The 34-year-old's J'Ouvert rum launched earlier this month. The name "J’Ouvert" comes from a carnival that is celebrated in the Caribbean — but has reportedly been linked to slavery in the 19th Century.
"I just wanna say on behalf of myself & my partners, our intention was never to offend or hurt a culture (we love & respect) and hoped to celebrate & shine a positive light on," the Black Panther star wrote in a since-removed Instagram Story.
"We hear you. I hear you & want to be clear that we are in the process of renaming," the statement continued. "We sincerely apologize & look forward to introducing a brand we can all be proud of."
The new name has not been announced yet.
Earlier this week, Minaj, 38, called Jordan out in a post which explained the history of the word. The actor is not said to have any links to the Caribbean.
"J'Ouvert also known as jouvay originated in Trinidad with the festivities of Canboulay, which was a time when sugarcane fields caught on fire and slaves were still forced to harvest the remaining crops before complete destruction," the "Starships" singer's post explained. "That event was reenacted and male slaves were mocked by their masters. However after emancipation the slaves mocked the masters mocking them. The festival begins way before the crack of dawn and proceeds a little pass sun up."
"It is the event that truly starts the main Monday and Tuesday Carnival street parade events in Trinidad," the post continued, adding that the carnival was then "adopted by other Caribbean islands as they experienced emancipation throughout different periods in history."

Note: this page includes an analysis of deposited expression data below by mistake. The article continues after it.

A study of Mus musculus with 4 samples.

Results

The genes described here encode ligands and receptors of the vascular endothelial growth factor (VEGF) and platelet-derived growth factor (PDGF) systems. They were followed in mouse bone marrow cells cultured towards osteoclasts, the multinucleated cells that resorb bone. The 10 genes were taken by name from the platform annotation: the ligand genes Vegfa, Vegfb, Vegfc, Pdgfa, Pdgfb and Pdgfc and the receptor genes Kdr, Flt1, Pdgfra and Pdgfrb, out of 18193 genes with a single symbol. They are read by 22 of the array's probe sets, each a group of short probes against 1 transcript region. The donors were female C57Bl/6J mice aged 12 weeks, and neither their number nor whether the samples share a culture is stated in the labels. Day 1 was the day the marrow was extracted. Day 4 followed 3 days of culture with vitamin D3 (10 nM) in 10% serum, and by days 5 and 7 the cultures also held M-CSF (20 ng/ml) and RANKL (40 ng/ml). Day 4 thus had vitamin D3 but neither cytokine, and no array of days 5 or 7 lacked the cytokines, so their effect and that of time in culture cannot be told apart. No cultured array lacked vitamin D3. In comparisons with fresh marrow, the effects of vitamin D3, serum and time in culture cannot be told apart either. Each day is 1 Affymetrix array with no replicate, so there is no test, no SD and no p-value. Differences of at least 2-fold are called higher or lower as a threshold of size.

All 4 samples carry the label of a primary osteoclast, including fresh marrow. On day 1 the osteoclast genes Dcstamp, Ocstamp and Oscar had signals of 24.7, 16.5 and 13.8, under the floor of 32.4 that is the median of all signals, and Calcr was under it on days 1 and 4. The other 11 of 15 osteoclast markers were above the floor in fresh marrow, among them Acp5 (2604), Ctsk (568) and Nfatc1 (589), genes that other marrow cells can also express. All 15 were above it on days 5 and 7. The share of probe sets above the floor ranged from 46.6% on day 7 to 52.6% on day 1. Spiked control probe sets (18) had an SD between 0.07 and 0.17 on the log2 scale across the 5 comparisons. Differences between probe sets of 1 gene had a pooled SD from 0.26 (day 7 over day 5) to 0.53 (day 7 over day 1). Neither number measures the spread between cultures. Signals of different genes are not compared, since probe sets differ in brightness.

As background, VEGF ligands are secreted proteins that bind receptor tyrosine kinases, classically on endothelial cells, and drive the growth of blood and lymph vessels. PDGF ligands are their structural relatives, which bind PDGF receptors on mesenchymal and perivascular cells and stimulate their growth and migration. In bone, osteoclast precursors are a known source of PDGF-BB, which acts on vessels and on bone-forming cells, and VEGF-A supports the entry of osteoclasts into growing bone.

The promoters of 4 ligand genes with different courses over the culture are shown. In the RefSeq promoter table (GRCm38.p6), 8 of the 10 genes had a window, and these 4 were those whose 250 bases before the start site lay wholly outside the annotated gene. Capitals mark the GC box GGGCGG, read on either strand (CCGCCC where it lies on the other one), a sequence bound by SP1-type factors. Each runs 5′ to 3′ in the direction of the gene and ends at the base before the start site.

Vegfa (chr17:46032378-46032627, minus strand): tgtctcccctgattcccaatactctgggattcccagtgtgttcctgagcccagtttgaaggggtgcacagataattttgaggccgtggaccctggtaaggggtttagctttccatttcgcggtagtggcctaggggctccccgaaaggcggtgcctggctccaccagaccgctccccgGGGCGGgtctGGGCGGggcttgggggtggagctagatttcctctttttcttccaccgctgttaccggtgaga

"It's not just about the name it's what it represents pertaining to enslavement and freedom," the explanation added.
"I'm sure MBJ didn’t intentionally do anything he thought Caribbean ppl would find offensive— but now that you are aware, change the name & continue to flourish & prosper. 🙏🏾🇹🇹 #jouvert," Minaj captioned her post.
"Thank you for speaking out Nicki. We really appreciate it🇹🇹🇹🇹🇹🇹🇹🇹," one fan responded.
"But isn’t it his responsibility especially as a celebrity to do his research before investing his money and face for the brand ?" another pondered.
"thanks for sharing this information. This can be googled anywhere if people take time to do research and understand. That being said big upps! 🇹🇹🇹🇹🇹🇹 Trini to de bone! I am humbled!" a third fan wrote.
Meanwhile, Trinidad and Tobago Minister of Trade and Industry Paula Gopee-Scoon said that her team was interested in investigating if Jordan had trademarked the name or not, according to Newsday.
"This is of keen interest, not only to the Ministry of Trade and Industry but also to the intellectual property office of the Ministry of the Attorney General, and the Ministry of Tourism and Culture. We all have an interest. Trinidad and Tobago is our interest," she told the outlet.